WATCH: British Documentary Maker Explores Struggles of Injured Snowboarder Kevin Pearce

Snowboarder Kevin Pearce (left) and filmmaker Lucy Walker. (Photo: Victoria Will/Invision/AP Images)

Snowboarder Kevin Pearce (left) and filmmaker Lucy Walker. (Photo: Victoria Will/Invision/AP Images)

British filmmaker Lucy Walker has told the very compelling story of U.S. snowboarding champion Kevin Pearce in her latest documentary, The Crash Reel, being shown on HBO this week.

Pearce suffered a severe traumatic brain injury during a snowboarding accident in 2009, and Walker follows his struggle to get back on his feet and, more importantly, reassess his personal values and priorities.


His family begged him not to snowboard again, but he’s determined to continue. It’s agonizing and frustrating to watch him, but he does come around to accept he’s leading a new life with the brain injury that brings limitations. He emerges as an advocate for brain trauma sufferers.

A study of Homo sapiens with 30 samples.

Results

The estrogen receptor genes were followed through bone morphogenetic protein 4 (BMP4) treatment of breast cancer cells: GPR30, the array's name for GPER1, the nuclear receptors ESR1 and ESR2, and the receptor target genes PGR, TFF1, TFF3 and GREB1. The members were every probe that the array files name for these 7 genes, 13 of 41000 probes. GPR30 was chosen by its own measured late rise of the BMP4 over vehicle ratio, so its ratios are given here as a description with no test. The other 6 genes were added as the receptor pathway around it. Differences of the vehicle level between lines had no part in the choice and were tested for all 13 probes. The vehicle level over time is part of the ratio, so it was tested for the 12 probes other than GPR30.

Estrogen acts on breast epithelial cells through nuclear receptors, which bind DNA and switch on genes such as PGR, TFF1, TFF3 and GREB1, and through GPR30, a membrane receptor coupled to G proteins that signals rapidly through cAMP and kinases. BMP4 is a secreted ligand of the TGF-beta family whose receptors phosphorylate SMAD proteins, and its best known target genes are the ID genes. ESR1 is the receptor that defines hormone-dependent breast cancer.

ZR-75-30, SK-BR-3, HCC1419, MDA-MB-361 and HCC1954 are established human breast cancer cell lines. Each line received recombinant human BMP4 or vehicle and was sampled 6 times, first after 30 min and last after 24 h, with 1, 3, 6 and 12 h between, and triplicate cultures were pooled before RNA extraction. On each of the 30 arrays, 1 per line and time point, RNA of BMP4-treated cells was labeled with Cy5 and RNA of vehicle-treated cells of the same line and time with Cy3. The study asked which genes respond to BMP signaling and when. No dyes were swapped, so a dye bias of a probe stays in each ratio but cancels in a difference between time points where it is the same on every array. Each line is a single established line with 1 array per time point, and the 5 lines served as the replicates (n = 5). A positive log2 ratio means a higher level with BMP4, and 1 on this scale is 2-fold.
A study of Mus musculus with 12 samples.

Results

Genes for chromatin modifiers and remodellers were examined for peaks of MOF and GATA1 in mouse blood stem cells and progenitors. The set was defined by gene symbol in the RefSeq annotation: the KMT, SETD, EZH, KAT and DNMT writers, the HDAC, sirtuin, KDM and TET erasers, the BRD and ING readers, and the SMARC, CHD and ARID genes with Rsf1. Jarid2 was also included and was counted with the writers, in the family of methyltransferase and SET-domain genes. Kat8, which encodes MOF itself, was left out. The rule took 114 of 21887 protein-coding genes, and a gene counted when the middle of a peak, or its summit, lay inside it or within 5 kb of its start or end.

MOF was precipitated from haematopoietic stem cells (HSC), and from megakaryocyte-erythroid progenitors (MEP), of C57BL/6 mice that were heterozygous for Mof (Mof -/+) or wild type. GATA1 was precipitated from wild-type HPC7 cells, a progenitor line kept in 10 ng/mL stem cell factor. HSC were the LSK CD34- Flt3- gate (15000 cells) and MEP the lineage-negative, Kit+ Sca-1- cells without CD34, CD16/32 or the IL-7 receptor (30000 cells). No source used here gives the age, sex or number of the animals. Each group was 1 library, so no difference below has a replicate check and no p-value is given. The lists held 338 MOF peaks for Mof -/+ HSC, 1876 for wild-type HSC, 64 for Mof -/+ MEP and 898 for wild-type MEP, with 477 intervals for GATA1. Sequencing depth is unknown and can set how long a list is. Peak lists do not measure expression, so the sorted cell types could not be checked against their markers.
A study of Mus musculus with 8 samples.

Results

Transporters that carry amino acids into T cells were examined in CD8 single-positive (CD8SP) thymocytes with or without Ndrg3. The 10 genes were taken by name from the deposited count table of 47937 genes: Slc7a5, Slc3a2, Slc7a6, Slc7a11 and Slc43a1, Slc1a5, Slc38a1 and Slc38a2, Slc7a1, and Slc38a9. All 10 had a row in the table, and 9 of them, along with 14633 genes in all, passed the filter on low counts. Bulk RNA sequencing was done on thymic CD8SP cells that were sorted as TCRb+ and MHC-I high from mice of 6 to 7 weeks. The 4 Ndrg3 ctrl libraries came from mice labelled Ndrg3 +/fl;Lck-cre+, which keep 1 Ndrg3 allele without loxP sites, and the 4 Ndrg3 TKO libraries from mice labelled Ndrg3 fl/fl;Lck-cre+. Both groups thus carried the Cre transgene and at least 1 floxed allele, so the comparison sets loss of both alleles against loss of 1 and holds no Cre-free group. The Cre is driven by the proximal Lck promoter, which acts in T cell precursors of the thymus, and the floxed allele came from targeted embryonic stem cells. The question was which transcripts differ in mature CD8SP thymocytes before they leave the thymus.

The Oscar-nominated Walker, who’s made several well-received documentaries, says: “I’ve never seen a character arc like this. The tremendous distance he travels and grows is unprecedented.”

The film raises all kinds of questions, some addressed better than others. It’s a documentary that will definitely stimulate audiences. It will leave you pondering such matters as the price that can be paid by participants in high-risk sports, as well as more complicated questions concerning the impact a brain trauma might have on someone’s ability to make rational choices.

Although the film is being shown first on HBO it will make it into cinemas later this year. Walker explains it’s a bit of an experiment: “Normally films go big screen and then they go small screen. We’re doing it differently. We’re going into theaters in December with the Winter Olympics coming up. Will people go see it on a big screen afterwards? We hope so,” she says.